Tuesday, February 7, 2012

“The Gruesome Belly – an Epilogue” or “The Power of Art in Architecture – a Manifesto for the Modern Experiential Being” or "Just a Few Thoughts"

There have been stories shared about patrons of Mark Rothko’s work breaking down in tears while viewing the paintings of his moody, expressive “multiforms”. Maya Lin’s design of the Vietnam Veterans Memorial has visitors descending along its sliced earth, lined with stark black granite, thoroughly overwhelmed with a profound sense of being.

A sense of connection to the inexplicable, to memories imagined, to tremors of fear, the gory pit of dreams, to lust, to yearnings, and everything else. Therein lies the power of art and the power of architecture.
Just know that every last bit of the built environment we create has the potential, demands the right, to bear that power. Whether well intentioned, haphazardly ignorant, or blatantly harmful, every bit of our built environment influences our perception of being and our expectations of living.

Now ask yourself, why you manage to surround yourself with buildings and structures depressingly void of life. It takes but being aware. It takes but you willing to taste every last fiber of your built surrounding and letting yourself succumb to its yummy.
Ask for your home, your place of work, and your communal spaces to be expertly designed and exquisitely crafted.

We were recently invited to present a group of students and faculty of the Art Institute of Charlotte our work as designers and builders of modern architecture. We titled the talk “The Gruesome Belly” and went on to hunt in our work for all those moments of tickling tummies, quivering guts, and internal butterflies. We wanted to understand and share, how we come about weaving these marvelous moments from small constructional details, from understandings of site and client, from a tedious design process, from listening to our instincts, and from playing with materials and construction methods.

You might have seen before the image of the library we created in the Schoenberg Residence, here in Charlotte. But maybe we haven’t shared a bit of the anecdotes around it. We placed it as the pivotal center between three bedrooms of the children’s wing. In conjunction with a daylight-flooded hall, it became a play and reading area for the whole family. Structurally the library slices through the building and cantilevers out on either end as bright red inhabitable boxes. The lower one hovers as a cozy small nook over the rear terraces of the home, providing the children a great vantage point to the family’s dinners, get-togethers, and garden life. The taller box houses the summit of the climbing library; a cushioned, windowed perch, a cocoon that envelopes with the quiet of a sound chamber. The sense of the winding and surrounding shelves and the torqueing climb of the platforms and irregular steps is that of being snuggly held.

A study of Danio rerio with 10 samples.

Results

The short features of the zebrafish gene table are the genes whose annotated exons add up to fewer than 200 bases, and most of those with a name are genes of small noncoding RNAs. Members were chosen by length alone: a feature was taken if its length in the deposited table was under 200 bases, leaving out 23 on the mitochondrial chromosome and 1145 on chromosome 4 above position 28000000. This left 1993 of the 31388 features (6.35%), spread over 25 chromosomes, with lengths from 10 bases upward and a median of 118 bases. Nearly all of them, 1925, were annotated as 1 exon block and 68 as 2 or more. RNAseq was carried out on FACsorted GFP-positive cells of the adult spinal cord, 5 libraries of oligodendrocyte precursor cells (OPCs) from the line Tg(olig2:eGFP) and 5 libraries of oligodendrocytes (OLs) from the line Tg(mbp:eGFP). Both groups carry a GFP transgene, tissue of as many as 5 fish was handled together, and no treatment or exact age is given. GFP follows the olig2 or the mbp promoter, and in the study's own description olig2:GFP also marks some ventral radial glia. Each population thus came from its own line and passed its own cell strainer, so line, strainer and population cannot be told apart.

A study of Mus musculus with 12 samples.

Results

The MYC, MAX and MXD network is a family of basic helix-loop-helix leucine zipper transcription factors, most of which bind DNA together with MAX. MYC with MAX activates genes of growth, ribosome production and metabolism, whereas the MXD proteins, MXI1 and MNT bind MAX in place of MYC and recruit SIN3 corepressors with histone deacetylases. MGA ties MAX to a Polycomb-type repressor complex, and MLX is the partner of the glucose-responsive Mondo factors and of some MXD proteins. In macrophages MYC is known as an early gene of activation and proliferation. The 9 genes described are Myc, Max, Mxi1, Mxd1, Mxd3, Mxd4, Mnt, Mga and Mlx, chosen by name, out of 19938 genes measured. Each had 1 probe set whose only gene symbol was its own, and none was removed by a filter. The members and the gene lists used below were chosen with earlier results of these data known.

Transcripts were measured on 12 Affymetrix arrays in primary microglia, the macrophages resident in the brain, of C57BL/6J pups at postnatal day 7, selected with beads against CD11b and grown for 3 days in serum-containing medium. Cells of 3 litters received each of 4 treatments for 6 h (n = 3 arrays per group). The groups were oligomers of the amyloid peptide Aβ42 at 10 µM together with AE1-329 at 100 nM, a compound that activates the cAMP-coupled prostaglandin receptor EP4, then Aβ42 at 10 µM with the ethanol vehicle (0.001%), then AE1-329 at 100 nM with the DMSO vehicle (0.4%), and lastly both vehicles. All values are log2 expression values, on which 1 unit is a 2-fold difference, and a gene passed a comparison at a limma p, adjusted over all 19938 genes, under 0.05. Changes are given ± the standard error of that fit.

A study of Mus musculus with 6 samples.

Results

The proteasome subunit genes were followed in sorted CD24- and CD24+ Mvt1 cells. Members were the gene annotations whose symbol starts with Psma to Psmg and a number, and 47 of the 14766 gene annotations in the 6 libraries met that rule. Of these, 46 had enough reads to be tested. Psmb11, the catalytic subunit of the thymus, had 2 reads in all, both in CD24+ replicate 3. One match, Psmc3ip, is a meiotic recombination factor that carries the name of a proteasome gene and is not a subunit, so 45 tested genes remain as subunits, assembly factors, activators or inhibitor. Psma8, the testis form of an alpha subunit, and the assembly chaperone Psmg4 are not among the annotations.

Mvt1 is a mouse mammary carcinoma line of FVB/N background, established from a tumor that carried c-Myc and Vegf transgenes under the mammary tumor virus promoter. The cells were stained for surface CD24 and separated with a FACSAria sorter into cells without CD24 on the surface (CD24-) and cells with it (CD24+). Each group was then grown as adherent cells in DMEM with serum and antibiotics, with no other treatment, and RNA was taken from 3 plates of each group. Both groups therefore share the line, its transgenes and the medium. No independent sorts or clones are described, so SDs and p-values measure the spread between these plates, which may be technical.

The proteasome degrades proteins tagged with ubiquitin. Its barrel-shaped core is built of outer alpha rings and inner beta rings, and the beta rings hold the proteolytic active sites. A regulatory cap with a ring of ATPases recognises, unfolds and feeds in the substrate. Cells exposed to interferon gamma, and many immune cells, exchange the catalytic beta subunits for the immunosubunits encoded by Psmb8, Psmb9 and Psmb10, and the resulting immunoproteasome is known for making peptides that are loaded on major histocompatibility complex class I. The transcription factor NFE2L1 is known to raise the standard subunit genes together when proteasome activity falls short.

Every visitor to this house, who has made the way up, descends with stories of a childhood tree house. The mother of the three children, however, confided to us that she would make her way to the library’s summit on restless nights; cuddled up in the perch, partly lifted up beyond the house’s roof line, partly enveloped by the branches of surrounding trees, and partly cuddled amidst her sleeping children.

In this library numerous small pieces came together for these moments to be allowed. As different in tone and intent as calculated engineered structure and a carefully calibrated color scheme. We listened to the clients’ stories prior to design and created a spot for the library in their budget and within their expectations towards our work. Plumbers, window companies, and framers had to be cajoled, code requirements mitigated, and the dimensions of lounging, sleeping, sitting, crouching, reading, and perching measured and tested. Daylight had to be understood, passive ventilation taken into account, the view lines to the street measured against infraction of privacy. Every last detail, whether practical, functional, ephemeral, formal, or otherwise wanted to be part in telling the same story.

Another time, the parents shared with us, they found the house washed in absolute silence. Alarmed, they canvassed the house, fearing the worst, only to find all three children peacefully reading in the library. All three draped picture-perfect on separate landings, surrounded by their belongings of books, pillows and stuffed animals.

As imperfect the anecdotes for this particular architectural moment might be, it might give a glimpse of the potential your man-made surroundings have. To leave them unintentionally dull could be seen as a crime. At the very least as a lost opportunity for a richer life.
We happen to believe that you owe it to yourself to elevate your being, to spoil your senses, trigger your imagination, and love to live through a richer physical world.

We shared a few of these stories and moments with the Art Institute and ended with a row of slides, without comment, urging our audience to see the same richness in these snapshots. We hoped that each one of these showed the depth of intention and process, even in the simplest of designs.

Maybe the following will do the same.